Sun, Aug 16, 2015 - Page 14 News List

Porn again: disposing of UK’s dirty magazines with discretion

By Alfons Luna  /  AFP, LONDON

Vintage pornographic magazines are pictured at Ram Books in London, England, on Aug. 4.

Photo: AFP

Once upon a time before the Internet, pornography fans collected magazines. Now a London firm is helping people whose dead relatives leave collections behind to get rid of them — discreetly, of course.

Say your father has died and you find his pornography collection hidden in a cupboard. Too embarrassed to tell your mother or put it out with the trash? Try calling Webuyanyporn, founded nine months ago to deal with such awkward situations.

“Because certain generations of men are coming to the end of their lives now, we tend to find magazines from the 1970s and 1980s, normal top shelf magazines — Playboys, Penthouses,” the business’ owner Dave said, requesting that his surname not be used. “There’s lots of porn sitting around in people’s attics, garden sheds, under the beds. There’s porn everywhere.”

Customers who discover unwanted pornography can call the 55-year-old, who will come to the house in an unmarked van and take away magazines, VHS tapes and posters.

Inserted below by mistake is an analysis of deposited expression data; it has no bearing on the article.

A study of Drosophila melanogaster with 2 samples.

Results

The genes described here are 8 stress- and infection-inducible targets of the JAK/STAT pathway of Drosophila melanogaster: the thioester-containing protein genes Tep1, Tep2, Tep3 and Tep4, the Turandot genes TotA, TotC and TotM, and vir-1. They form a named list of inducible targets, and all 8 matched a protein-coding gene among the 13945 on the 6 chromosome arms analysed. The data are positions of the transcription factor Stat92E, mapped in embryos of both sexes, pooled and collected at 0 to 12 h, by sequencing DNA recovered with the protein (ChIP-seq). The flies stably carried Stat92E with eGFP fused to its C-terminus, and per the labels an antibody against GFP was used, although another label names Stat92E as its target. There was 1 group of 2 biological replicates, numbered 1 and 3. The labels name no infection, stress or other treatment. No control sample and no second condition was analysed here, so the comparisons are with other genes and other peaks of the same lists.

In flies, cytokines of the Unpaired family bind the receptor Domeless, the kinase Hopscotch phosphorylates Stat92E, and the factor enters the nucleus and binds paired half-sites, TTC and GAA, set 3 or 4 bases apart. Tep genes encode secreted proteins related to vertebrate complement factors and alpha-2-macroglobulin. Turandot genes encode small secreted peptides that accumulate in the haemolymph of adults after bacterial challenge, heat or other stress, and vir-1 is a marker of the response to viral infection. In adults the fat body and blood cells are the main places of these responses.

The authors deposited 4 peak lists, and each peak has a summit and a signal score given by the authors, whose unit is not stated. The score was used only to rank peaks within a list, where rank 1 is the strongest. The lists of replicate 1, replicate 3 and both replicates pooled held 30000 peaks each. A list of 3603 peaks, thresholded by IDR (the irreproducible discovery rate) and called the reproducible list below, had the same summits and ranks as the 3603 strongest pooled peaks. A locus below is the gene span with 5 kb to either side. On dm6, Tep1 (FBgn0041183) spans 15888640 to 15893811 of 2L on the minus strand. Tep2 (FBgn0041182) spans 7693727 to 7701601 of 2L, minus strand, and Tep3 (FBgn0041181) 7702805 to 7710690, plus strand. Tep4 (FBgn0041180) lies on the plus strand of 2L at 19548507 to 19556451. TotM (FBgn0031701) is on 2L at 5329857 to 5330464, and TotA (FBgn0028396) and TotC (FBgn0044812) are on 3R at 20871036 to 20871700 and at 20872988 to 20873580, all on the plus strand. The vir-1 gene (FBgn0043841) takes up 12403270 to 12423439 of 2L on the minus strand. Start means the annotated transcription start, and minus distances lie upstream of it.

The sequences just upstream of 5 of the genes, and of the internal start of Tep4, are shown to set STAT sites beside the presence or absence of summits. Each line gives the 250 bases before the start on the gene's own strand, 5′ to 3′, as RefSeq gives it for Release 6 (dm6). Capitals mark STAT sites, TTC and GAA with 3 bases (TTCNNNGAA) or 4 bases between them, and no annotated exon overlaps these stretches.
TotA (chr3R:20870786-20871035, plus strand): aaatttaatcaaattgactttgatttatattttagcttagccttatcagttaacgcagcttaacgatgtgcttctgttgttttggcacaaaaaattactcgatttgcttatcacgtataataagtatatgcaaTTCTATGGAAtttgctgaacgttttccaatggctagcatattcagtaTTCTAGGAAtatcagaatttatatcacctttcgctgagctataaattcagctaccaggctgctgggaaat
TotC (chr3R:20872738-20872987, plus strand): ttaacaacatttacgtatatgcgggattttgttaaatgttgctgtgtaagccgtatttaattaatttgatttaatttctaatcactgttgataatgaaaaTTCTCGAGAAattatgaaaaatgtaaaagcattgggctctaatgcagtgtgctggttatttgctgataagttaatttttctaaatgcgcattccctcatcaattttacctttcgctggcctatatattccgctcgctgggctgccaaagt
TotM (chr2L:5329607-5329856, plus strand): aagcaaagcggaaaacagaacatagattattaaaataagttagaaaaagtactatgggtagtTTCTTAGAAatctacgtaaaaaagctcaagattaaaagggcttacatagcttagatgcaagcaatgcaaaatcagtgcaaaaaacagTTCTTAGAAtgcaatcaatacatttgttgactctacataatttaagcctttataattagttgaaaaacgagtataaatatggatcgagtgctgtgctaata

Dave will even pay cash for stashes.

He either shreds the material or sells it at Ram Books, at his shop in Islington, north London, which bills itself as being “for the collector of bizarre and erotic mags.”

Despite being in business for less than a year, Webuyanyporn has plenty of satisfied customers.

Freddy, who also did not want to give his last name, turned to the service when his father passed away.

“My sister cleared the house. She discovered my dad’s collection,” he said.

“There wasn’t anything mean, just some mainstream magazines, but she was embarrassed and thought that my mum would be upset if she knew about it.”

At least one member of the clergy has also asked the business to help him out.

“I got a call from a vicar, down in the south coast, I can’t say where. His church had some houses that let old people in. One of the old gentlemen died and left a lot of magazines,” said Dave, who has been in the trade for about 40 years.

“I paid him good money for them and the money went towards the gentleman’s estate, the funeral,” he said.

As well as providing a handy service and a lucrative business, Dave said that Webuyanyporn also harks back to pre-Internet era, when most pornography was less graphic.

“When I grew up, you were quite lucky if you could see a Mayfair or a Playboy,” he said. “Now, with a click of a phone, you can see the most outrageous pornography. That has ruined it, it has taken away the mystique, the surprise and the glamor.”

He is also conscious that his business might be obsolete in 30 years as people stop buying such magazines and go online instead.